Thousands of people buy property in Spain every year, and even more consider it but aren’t quite sure how to start. In some cases, this is because they think they will have to do everything themselves, even though they wouldn’t dream of it when buying a semi-detached home in Oxfordshire. Buying Spanish property without using a lawyer isn’t against the law, but it’s not a particularly good idea. Here’s why you should get a lawyer to help safeguard your interests throughout the process.
Spanish government rules mean that a Spanish Notary will be appointed to check that the deeds for any property you are purchasing comply with Spanish law. However, despite being a qualified lawyer, this person will only assess the deeds themselves, and do no more than ascertain whether they are accurate. Someone else will need to check whether the property in question is being sold legally, as well as whether there are any outstanding problems with it – for example, enforcement notices from the local council. To ensure your peace of mind, you are strongly advised to hire a lawyer who is working for you, not for the Spanish government.
Don’t assume that the Spanish legal system is the same as the English one – it isn’t. Even many English solicitors won’t be familiar with the intricacies of Spanish property law, so imagine how hard it would be trying to make sense of it yourself. Look for a lawyer who has a full understanding of the property law of both countries, preferably one who has plenty of experience in helping people who are buying Spanish property. There’s also the language barrier to consider: legal terms are often technical and specific, and what seems like an unimportant error can cause delays or even invalidate a contract entirely. You could also run into problems with HMRC if you don’t understand the tax implications of your purchase. Look for an English lawyer, but one who has experience in Spanish law.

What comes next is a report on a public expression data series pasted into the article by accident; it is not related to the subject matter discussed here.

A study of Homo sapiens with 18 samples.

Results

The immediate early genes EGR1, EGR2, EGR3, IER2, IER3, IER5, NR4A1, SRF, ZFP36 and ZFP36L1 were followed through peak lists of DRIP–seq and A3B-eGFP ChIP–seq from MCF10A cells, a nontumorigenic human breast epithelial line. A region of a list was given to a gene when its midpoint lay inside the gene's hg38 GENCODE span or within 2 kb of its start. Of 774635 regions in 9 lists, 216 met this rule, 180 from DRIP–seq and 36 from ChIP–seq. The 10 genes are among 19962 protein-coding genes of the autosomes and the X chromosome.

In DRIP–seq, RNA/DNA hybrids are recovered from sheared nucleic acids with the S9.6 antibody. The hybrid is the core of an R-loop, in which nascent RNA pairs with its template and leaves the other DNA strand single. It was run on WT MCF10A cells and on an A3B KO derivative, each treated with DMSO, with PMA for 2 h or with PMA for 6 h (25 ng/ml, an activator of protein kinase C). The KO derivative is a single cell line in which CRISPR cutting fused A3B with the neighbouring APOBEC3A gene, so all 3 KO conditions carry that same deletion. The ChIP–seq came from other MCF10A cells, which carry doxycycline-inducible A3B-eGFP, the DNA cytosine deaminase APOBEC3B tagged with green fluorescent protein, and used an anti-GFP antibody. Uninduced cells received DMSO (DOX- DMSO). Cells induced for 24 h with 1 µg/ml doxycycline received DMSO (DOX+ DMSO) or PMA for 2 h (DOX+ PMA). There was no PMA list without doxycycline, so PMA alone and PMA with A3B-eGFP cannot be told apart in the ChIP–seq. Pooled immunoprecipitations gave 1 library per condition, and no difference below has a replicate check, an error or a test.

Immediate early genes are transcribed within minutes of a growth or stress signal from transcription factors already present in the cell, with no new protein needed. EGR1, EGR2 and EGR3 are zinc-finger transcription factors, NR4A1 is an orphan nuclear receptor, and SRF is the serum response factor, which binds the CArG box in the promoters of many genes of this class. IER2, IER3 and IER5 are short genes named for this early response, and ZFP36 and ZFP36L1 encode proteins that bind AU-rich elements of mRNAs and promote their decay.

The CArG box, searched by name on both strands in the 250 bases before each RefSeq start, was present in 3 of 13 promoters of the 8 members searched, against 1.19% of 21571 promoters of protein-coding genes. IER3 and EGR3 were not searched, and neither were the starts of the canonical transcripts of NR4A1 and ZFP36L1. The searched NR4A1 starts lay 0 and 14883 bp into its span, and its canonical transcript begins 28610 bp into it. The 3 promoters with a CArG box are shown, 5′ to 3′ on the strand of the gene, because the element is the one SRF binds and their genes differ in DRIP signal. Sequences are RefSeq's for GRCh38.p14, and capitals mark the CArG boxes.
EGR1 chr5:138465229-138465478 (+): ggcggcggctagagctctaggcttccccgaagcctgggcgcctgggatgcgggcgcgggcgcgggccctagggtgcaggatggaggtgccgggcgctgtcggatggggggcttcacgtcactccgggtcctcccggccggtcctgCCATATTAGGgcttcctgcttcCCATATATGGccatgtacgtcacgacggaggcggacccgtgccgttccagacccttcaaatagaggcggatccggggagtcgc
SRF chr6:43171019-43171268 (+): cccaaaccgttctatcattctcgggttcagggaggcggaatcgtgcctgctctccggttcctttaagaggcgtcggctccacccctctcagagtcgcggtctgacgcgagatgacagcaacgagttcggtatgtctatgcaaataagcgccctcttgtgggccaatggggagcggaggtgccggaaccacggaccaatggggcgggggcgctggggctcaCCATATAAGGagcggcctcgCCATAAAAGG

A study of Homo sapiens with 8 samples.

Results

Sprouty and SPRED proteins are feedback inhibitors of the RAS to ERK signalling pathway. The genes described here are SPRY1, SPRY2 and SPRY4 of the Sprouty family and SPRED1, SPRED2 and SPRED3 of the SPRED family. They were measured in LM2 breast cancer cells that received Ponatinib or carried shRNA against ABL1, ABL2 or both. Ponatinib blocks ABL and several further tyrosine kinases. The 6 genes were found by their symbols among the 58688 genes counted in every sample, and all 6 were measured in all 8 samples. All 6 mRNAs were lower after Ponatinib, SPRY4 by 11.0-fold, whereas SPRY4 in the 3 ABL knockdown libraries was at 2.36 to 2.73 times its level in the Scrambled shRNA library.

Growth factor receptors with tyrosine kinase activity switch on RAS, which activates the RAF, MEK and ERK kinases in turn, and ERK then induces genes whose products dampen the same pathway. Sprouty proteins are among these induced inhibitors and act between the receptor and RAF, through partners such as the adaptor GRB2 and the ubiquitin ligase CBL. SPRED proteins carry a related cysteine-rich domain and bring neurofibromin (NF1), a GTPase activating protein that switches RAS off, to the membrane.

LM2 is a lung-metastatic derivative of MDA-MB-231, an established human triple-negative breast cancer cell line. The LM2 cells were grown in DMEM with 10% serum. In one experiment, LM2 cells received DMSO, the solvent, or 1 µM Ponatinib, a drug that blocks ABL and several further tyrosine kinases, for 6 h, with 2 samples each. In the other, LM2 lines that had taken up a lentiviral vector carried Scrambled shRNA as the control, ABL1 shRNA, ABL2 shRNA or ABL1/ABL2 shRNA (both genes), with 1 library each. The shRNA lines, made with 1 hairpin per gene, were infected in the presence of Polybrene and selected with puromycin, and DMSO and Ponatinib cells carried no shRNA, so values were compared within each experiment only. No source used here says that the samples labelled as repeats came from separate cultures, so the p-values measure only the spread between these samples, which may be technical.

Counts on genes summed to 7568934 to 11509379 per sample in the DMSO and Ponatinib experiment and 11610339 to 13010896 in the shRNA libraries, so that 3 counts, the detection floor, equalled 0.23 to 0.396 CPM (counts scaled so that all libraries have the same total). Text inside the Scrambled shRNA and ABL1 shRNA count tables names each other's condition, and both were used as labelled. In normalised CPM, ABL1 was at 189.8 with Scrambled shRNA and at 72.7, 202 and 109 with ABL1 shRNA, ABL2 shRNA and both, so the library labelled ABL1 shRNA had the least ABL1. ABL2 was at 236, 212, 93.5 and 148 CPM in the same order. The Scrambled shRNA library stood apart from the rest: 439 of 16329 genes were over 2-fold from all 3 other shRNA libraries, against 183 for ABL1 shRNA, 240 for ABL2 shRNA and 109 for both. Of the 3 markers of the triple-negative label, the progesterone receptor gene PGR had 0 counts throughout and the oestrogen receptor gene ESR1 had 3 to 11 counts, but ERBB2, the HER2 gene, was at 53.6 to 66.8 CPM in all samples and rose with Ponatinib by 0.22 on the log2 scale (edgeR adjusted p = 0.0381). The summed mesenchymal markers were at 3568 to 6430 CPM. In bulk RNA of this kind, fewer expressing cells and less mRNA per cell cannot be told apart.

If you attempt to handle a property deal yourself, there’s always the risk that it could go horribly wrong. If the worst happens, you really need to have the backing of someone who’s seen it all before and can keep a cool head. Although a Spanish lawyer may be cheaper to engage, there are downsides. The regulations of the Solicitors Regulation Authority and the Law Society cover the activities of English solicitors, and are generally considered stronger than those which apply to their counterparts in Spain. English solicitors’ strict auditing and accounting rules are also worth considering. After all, for most people, property is the most expensive investment they will ever make.